Cultivating an interest in business and business careers among historically underrepresented minorities—African-Americans, Hispanic Americans and Native Americans—has been a formidable challenge for the business community. While data from the National Center for Education suggests that the number of underrepresented minorities pursuing business careers is growing, business people have yet to identify that infallible formula that will establish business as a viable career option for qualified diverse candidates.
Recently we revisited a 2007 report from the Diversity Pipeline Alliance, a collaborative of 16 organizations, examining ways to strengthen the pipeline of diverse talent. Two things struck us about a survey the organization conducted of perceptions of business and business careers among 11th– and 12th-graders and college students. First, the questions tended to generalize about business and business careers rather than focusing on specific degrees and business professions. Second, 38 percent of students said they were not interested in attending graduate school but were unsure what kind of undergraduate degree they should pursue instead.
There is clearly a large opportunity to encourage qualified students to go into business, but only if we make a compelling case for doing so. The business message is a complex one, and the key to increasing the pipeline of students interested in business careers may lie in the way we communicate what they offer. We need to replace the generic way we talk about business with a more creative and focused approach.
Unlike other professionals, business people are not usually identified by their degrees. Perhaps they should be. Business, in stark contrast to most fields, is the only discipline in which a single degree, an MBA, can lead to many different career options. We need to find a way to connect the degree to the professions.
If you ask a group of kindergarteners what they want to be when they grow up, you will get the usual answers—doctor, lawyer, engineer, teacher, to name a few standard responses. By the time students reach elementary school and visitors are invited to talk to students about their work, the choice set may have expanded to include the amorphous “business person.” Unfortunately business people tend to identify themselves by their particular niches—financier, entrepreneur, CEO—instead of making clear that those jobs are subsets of a larger, broadly defined enterprise called “business.”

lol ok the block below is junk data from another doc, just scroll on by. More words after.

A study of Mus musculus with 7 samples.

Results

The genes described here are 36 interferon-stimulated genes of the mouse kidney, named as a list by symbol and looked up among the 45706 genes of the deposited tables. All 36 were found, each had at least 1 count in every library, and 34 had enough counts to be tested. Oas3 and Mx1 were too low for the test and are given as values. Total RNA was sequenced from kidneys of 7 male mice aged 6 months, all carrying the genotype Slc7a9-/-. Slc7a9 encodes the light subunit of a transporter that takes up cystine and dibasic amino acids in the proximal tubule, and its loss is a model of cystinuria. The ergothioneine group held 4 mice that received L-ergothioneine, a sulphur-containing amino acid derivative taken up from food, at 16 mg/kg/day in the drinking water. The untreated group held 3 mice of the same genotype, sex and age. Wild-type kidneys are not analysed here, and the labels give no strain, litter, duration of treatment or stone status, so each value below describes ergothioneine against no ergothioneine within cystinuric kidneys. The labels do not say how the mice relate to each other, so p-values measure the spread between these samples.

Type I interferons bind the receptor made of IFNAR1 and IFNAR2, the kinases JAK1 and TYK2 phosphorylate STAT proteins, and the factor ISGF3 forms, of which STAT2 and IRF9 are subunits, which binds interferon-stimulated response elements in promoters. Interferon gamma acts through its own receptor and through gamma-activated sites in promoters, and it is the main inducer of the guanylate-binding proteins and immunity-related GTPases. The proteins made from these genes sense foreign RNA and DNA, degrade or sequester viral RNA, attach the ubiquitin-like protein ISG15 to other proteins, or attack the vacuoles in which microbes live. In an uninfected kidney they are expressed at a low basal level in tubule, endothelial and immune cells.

Fast forward to high school and students heading off to college to study pre-med, pre-law and other clearly defined fields. These young people know exactly where their degrees will lead; there is no question about what paths they need to follow to achieve their professional goals. There is also no question about what doctors and lawyers do; everyone knows. Doctors are a part of children’s lives from the time they are born and there’s no shortage of TV shows showing attorneys and physicians as members of noble professions providing services critical to a well-functioning society.
Business may never achieve the same level of cultural familiarity, but it is certainly possible for those of us who have chosen to work in business to demonstrate that ours is an equally noble field making contributions to society every bit as valuable as our counterparts’. Our charge as business people, as problem solvers, is to compensate for the visibility deficit by finding creative and compelling ways to communicate the versatility an MBA affords.
Given the cultural familiarity of medicine, law, teaching and other professions even among the very young, we need to start raising awareness early. Regardless of when we start, we need to do three things.
First, we must be clear about the almost infinite variety of jobs that fall under the business umbrella, e.g., financial planner; brand manager; commercial and investment banker; stock, futures and commodities trader; security, sales and market analyst; operations manager; strategic planner; and consultant.
Second, we must emphasize that an MBA is the foundation of all these business specialties just as an MD is the foundation of all medical specialties (internist, obstetrician, surgeon, etc.) and a JD of all legal specialties (commercial litigator, tax attorney, intellectual property lawyer, etc.).
Third, we must identify the steps that lay the groundwork for an MBA, namely an undergraduate degree (BA or BS) and two to three years of work experience, preferably in some area of business.
At the same time, we should promote the idea, among colleges and universities, of pre-business study. A pre-business major would achieve the dual goal of preparing undergraduates for business careers and, critically, raising the profile of business in the same way that pre-law and pre-med majors raise awareness of medicine and law.
The time is right and the opportunity is now to reinvent the business message. The pipeline is ours to fill if we focus less on the pipe and more on the line, less on “business” in its most global sense and more on both the opportunities and satisfactions offered by specific business careers and the precise steps, culminating in an MBA, which will lead to both.
Peter Aranda is chief executive officer and Janice Wells-White is vice president for program administration of The Consortium for Graduate Study in Management. The Consortium is an alliance of leading American business schools and corporations and the country’s preeminent organization for promoting diversity and inclusion in American business. For more information, visit www.cgsm.org.